Longmont’s Planning and Development Services Department aims to present a sidewalk snow removal abatement program to City Council by the summer, said Dane Hermsen, the department’s code enforcement manager.
Hermsen and his team are working with the Public Works Department on the proposal, which would allow a contractor to clear snow off the sidewalks of businesses and residences that have received warnings, he said.
“That’s where the city can actually do the cleaning and then bill the owner for it … a lot of jurisdictions already do that,” Hermsen said. “That would be our preference, because even sometimes when we are warning people and they’re not getting it done, we don’t really have the tool to just get it cleaned up. We have to go through a process of finding them and giving them new deadlines.”
The plan would require a change to the city’s code that would make the system feasible, he explained.
“Right now, we don’t really have any mechanism to recoup money if we pay a contractor to do it,” Hermsen said.
The city has issued dozens of warnings to businesses and residences so far this winter season, he said. When those sidewalks remain filled with snow and ice, and warnings are ignored, fines have to be issued.
“We get plenty of calls from people who are slipping and falling and getting hurt out there,” Hermsen said. “I’d say the majority of people seem to follow the code and try to clear their sidewalk without having to be asked, but there are plenty that don’t get it done.”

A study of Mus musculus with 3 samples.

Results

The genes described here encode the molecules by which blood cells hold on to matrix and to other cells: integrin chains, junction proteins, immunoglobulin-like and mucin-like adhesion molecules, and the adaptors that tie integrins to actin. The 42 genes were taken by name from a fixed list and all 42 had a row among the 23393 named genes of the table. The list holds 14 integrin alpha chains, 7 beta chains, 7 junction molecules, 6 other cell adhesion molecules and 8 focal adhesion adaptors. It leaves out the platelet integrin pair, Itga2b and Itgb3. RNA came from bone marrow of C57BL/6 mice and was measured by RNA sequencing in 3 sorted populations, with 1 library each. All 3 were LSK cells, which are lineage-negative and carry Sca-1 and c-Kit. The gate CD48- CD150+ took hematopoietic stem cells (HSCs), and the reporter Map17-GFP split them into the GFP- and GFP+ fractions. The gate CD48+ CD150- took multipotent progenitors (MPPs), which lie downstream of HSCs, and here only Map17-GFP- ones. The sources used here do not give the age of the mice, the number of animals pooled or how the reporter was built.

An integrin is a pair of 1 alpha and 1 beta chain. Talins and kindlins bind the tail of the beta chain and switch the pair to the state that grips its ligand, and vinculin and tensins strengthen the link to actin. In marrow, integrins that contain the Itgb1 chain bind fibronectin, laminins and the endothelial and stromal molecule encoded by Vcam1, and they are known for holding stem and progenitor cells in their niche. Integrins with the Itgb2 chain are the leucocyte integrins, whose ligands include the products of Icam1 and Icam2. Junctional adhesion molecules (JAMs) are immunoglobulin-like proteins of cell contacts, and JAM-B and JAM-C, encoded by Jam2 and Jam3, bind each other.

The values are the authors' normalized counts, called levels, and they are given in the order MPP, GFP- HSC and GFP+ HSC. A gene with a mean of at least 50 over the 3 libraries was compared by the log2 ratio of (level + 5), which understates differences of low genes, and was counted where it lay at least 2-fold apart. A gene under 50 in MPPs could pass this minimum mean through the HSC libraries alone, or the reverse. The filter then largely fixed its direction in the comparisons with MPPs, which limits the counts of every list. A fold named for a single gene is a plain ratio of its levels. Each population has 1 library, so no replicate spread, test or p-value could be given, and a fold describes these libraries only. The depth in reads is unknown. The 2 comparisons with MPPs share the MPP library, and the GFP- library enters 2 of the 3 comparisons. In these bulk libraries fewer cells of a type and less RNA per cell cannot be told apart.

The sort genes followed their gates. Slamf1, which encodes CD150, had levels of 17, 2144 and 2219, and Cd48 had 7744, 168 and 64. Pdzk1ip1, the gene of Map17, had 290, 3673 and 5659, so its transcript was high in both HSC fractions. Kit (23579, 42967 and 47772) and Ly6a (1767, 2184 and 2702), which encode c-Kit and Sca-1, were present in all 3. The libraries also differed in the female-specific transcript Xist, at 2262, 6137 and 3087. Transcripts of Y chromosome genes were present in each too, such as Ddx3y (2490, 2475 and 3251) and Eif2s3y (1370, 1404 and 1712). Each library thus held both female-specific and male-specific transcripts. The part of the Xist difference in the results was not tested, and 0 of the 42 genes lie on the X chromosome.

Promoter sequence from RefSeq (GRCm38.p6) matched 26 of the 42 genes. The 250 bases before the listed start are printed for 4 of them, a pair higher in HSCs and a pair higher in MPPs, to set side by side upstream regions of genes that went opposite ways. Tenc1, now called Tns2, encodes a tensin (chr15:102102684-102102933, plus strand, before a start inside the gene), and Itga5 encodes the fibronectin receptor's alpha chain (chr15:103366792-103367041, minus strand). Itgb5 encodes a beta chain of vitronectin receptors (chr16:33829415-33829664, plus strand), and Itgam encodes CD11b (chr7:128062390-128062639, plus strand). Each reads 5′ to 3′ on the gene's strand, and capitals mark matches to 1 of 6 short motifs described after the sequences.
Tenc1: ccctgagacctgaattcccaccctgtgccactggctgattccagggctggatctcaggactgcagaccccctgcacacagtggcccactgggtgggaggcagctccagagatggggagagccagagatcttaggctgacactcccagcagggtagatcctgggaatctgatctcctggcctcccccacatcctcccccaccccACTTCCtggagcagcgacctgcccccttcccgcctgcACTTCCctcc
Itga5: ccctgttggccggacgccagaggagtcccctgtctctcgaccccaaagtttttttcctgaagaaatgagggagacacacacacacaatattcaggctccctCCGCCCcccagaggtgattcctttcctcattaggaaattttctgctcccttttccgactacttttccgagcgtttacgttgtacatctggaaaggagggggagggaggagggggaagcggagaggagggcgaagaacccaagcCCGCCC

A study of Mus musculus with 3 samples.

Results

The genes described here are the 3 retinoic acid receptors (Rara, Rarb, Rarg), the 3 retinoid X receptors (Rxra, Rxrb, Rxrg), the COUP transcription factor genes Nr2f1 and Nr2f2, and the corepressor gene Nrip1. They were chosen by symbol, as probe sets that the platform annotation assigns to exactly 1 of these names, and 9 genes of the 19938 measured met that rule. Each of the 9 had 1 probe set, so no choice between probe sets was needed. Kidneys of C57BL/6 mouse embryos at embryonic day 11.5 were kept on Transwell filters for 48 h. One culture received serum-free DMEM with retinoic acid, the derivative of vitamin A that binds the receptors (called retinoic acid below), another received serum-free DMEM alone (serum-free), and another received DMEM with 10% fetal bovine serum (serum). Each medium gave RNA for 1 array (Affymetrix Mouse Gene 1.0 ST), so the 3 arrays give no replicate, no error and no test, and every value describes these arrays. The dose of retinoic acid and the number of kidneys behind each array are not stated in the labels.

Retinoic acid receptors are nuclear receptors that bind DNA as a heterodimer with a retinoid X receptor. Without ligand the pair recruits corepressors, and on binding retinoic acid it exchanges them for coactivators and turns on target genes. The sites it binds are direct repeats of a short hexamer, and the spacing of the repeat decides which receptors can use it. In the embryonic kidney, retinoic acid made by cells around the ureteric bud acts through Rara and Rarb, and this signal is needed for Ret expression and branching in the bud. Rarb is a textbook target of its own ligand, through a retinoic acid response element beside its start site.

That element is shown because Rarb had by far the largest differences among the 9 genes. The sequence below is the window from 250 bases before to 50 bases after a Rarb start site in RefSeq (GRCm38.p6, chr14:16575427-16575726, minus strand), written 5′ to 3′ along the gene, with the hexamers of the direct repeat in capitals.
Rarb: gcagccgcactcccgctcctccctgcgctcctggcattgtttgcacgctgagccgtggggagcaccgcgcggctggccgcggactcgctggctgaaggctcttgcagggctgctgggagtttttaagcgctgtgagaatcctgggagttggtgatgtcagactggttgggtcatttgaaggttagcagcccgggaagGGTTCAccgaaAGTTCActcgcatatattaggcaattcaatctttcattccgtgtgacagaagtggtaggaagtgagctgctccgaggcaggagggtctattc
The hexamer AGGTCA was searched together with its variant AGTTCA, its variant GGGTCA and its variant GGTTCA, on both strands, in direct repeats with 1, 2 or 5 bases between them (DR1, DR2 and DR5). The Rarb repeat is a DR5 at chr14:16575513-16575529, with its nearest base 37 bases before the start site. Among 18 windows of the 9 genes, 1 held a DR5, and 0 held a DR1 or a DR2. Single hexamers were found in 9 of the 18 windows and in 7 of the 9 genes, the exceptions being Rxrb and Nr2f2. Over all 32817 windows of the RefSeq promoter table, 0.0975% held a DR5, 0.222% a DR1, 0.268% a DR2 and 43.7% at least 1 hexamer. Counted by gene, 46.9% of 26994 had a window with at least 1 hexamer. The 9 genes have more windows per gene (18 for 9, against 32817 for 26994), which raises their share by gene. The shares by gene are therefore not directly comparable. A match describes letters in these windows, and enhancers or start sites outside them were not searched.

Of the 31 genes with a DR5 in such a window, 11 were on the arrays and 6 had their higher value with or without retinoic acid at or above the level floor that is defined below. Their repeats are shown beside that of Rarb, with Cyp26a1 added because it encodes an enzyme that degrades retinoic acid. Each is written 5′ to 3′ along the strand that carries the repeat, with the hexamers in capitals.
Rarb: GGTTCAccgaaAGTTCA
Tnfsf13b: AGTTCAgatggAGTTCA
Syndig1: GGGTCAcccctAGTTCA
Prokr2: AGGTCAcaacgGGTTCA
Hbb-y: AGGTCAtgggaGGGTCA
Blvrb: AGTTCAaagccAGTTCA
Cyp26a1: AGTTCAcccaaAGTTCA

Under Longmont Municipal Code, residents and business owners have 24 hours after snowfall to clear their sidewalks. The city offers resources for those who need help shoveling snow — Boulder County Cultivate SnowBusters pairs volunteers with people who need their driveways and sidewalks cleared, and the city’s website includes a Google search link for those looking for contractors.
The city has four full-time employees tasked with enforcing the sidewalk clearing rule, Hermsen said.
“We certainly have plenty of work out there after snow storms … we do have limited resources,” he said. “There tend to be quite a few residents who either aren’t aware of the code and don’t follow through, or aren’t able to actually clear it.”
Some houses are vacant, and city employees can’t find the responsible owner, he said.
“Sending fines to them and that kind of stuff really doesn’t have any kind of effect on the actual safety of the area,” Hermsen said. “Whereas if we could abate, we could give the owner a warning and a chance to clean it up, and then we could simply get it done so that the safety issue is mitigated, and deal with billing afterward.”
The city would likely have to go through a bidding process with sidewalk removal contractors before implementing the abatement program, he said. His team plans to present the proposal to City Council in the spring or summer.